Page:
Divorce remains a prevalent occurrence in the United States, with rates climbing over the past several decades. World Psychiatry notes that fewer than 60% of children in the U.S. live with their biological, married parents, one of the world’s lowest rates for intact families.
Divorce may cause many problems for the children of divorced parents, but there are certain mental health risks they face as their family dynamic changes.
Children of divorced parents often experience depression both during and after the divorce, and this issue can even strike younger children as they strive to understand the reason behind their parents’ split. There are several signs of depression parents can watch for, including:
- Loss of appetite
- Loss of interest in hobbies or sports
- Mood swings
Older children and teens may try to hide these symptoms from both parents, who may want to consider some form of family counseling to prevent or reduce feelings of depression in their children.
The children of divorced parents may feel anxious and insecure once their routine changes or when one of the parents leaves the family dwelling. Anxiety can present itself in a variety of ways depending on a child’s age and may include regression to earlier childhood behaviors, such as thumb sucking, or emotional outbursts. Nesting, where the family home remains intact and the parents rotate living there, may help reduce anxiety in their children.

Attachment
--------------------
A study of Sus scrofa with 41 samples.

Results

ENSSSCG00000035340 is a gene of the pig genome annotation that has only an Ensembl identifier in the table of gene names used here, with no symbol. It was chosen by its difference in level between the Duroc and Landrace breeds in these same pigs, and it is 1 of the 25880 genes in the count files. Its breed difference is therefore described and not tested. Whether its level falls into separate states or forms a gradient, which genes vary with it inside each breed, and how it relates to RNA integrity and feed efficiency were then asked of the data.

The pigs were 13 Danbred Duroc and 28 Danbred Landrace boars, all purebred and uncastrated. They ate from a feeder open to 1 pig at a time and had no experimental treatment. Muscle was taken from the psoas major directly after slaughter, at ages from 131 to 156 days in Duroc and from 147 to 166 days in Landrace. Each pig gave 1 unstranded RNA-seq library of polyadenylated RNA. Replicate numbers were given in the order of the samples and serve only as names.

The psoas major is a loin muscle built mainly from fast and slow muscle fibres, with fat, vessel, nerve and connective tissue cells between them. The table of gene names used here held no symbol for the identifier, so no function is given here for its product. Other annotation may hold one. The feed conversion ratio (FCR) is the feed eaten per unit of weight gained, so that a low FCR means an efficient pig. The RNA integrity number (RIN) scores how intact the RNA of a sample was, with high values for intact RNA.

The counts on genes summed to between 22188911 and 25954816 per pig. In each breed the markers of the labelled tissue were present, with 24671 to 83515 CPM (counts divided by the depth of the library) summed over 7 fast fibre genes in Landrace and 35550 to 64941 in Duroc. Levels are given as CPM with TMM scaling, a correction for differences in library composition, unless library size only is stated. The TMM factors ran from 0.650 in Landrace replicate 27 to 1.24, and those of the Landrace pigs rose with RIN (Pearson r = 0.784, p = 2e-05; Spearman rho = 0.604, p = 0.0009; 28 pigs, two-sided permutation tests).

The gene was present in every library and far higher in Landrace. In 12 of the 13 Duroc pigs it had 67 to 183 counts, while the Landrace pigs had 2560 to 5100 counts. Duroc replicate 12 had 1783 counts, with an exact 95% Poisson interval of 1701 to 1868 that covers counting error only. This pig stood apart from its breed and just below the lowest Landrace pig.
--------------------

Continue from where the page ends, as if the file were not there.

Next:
Changes in decision-making ability
Prepubescent kids and teens of divorcing parents may begin to take greater risks, as they might begin to feel reckless. As such, they are more likely to experiment with drugs, sex and other unsafe behavior.
Divorcing parents in conflict may want to do all they can to keep their children away from the friction. While this is not always possible, it may reduce the chance of mental health issues.